Insurance When Buying A Used Home

Posted by: Sep 12, 2014By Brian Stutheit

Homeowners insurance records provide a potential source of information about the history of a house.

The C.L.U.E.® Home Seller’s Disclosure Report  is an independent source of information about insurance losses at a home address within the past five years. If the home has not experienced a loss (a filed claim) within the past 5 years, the report can provide comfort to a potential buyer. When there are no losses associated with a property the report would state that no losses were found for the address shown.  The C.L.U.E.® Home Seller’s Disclosure Report will include for any listed loss: date of loss, loss type, status, amount paid, policy type and insurance company name.  A buyer is not entitled to obtain a C.L.U.E. report for an address, but the buyer can ask that the seller provide the report, and make purchase of the property contingent on receiving a satisfactory C.L.U.E. report.  Talk to your realtor about obtaining such a report.  This provides protection to the buyer against fraudulent non-disclosure, and protects the seller against claims something was not disclosed.  The report should not take the place of having an inspection by someone independent and qualified.  See our blog posted October 31, 2012  about the dangers in hiring  typical property inspectors.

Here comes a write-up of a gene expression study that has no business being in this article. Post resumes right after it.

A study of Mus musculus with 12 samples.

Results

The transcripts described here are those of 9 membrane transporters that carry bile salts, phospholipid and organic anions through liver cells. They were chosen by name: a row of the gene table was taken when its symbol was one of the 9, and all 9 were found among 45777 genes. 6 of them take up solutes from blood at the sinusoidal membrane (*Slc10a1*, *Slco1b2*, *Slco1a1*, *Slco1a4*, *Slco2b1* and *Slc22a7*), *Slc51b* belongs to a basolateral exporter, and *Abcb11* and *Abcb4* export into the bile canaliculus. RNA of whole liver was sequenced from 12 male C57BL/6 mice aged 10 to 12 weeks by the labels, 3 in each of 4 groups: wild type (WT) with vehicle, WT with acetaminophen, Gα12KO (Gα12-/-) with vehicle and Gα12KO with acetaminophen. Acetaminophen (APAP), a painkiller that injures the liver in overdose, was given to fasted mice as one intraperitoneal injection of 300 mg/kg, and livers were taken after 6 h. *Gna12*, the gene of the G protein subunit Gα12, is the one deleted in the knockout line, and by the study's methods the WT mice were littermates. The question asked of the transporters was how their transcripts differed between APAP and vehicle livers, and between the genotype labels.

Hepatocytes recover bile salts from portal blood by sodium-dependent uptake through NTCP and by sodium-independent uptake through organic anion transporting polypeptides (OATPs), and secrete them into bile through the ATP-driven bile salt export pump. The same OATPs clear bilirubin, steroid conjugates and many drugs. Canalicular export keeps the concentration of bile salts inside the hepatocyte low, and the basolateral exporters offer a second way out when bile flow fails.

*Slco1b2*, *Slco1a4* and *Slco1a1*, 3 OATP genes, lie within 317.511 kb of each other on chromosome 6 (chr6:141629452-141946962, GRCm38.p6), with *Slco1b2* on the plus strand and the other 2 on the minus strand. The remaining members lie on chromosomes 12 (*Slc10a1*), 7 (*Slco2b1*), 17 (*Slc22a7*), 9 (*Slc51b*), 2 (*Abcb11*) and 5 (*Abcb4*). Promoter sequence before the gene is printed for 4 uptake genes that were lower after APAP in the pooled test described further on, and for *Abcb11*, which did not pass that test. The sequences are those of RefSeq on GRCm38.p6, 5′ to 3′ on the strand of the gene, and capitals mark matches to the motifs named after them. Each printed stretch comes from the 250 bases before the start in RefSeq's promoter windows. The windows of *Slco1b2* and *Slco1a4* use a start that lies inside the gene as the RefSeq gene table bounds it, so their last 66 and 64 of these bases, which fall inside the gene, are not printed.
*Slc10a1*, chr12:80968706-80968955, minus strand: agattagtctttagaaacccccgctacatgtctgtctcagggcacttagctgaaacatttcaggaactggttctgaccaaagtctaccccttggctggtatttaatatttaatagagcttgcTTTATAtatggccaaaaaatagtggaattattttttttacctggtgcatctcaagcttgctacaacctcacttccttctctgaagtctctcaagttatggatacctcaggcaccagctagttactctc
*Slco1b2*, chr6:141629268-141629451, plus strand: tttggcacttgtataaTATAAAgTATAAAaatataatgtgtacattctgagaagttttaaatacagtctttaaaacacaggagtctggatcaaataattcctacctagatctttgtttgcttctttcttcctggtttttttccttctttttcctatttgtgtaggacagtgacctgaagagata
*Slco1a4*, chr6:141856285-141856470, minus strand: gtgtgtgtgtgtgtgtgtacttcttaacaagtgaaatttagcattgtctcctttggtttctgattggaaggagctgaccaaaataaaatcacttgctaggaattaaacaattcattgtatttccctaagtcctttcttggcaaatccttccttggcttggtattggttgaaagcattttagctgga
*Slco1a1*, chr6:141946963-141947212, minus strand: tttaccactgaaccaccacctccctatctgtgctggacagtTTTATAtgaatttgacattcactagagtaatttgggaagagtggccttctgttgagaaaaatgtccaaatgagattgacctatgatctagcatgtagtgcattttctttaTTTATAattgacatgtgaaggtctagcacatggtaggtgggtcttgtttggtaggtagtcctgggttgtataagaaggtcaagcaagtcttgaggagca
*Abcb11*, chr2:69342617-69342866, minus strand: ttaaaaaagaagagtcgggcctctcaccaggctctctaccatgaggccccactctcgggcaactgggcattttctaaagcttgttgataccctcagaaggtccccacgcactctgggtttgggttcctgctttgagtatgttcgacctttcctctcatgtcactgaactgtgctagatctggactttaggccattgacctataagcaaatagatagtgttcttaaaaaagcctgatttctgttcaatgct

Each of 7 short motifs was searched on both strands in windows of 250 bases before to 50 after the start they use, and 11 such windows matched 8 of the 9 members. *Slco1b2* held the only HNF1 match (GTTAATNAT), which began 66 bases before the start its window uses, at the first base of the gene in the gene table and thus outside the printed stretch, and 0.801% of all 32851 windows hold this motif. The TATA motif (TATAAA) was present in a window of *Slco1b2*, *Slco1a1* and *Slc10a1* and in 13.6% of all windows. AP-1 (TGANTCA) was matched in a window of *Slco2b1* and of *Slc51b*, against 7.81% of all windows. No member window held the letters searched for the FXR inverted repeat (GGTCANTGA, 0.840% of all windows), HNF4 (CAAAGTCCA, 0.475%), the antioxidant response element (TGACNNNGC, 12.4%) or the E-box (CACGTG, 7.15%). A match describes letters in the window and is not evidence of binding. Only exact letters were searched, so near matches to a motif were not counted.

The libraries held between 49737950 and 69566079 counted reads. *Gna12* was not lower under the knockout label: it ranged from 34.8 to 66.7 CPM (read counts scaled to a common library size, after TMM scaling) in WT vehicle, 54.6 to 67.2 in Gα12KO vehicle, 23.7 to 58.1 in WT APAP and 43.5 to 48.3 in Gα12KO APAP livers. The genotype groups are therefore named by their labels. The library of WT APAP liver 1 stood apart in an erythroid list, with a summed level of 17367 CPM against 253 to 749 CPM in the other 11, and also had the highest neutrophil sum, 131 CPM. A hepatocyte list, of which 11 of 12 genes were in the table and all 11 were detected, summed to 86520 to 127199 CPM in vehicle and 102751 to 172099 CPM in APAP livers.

Make sure you understand what sort of property damage insurance you will be buying on your house.  Replacement cost provides you with the dollar amount needed to replace a damaged item with one of similar kind and quality without deducting for depreciation—the decrease in value due to age, obsolescence, wear and tear and other factors. An actual cash value policy pays you the amount needed to replace the item minus depreciation. Suppose, for example, a tree fell through the roof onto your eight-year-old washing machine. If you had a replacement cost policy for the contents of your home, the insurance company would pay to replace the old machine with a new one. If you had an actual cash value policy, the company would pay only a percentage of the cost of a new washing machine because a machine that has been used for eight years would be worth less than its original cost.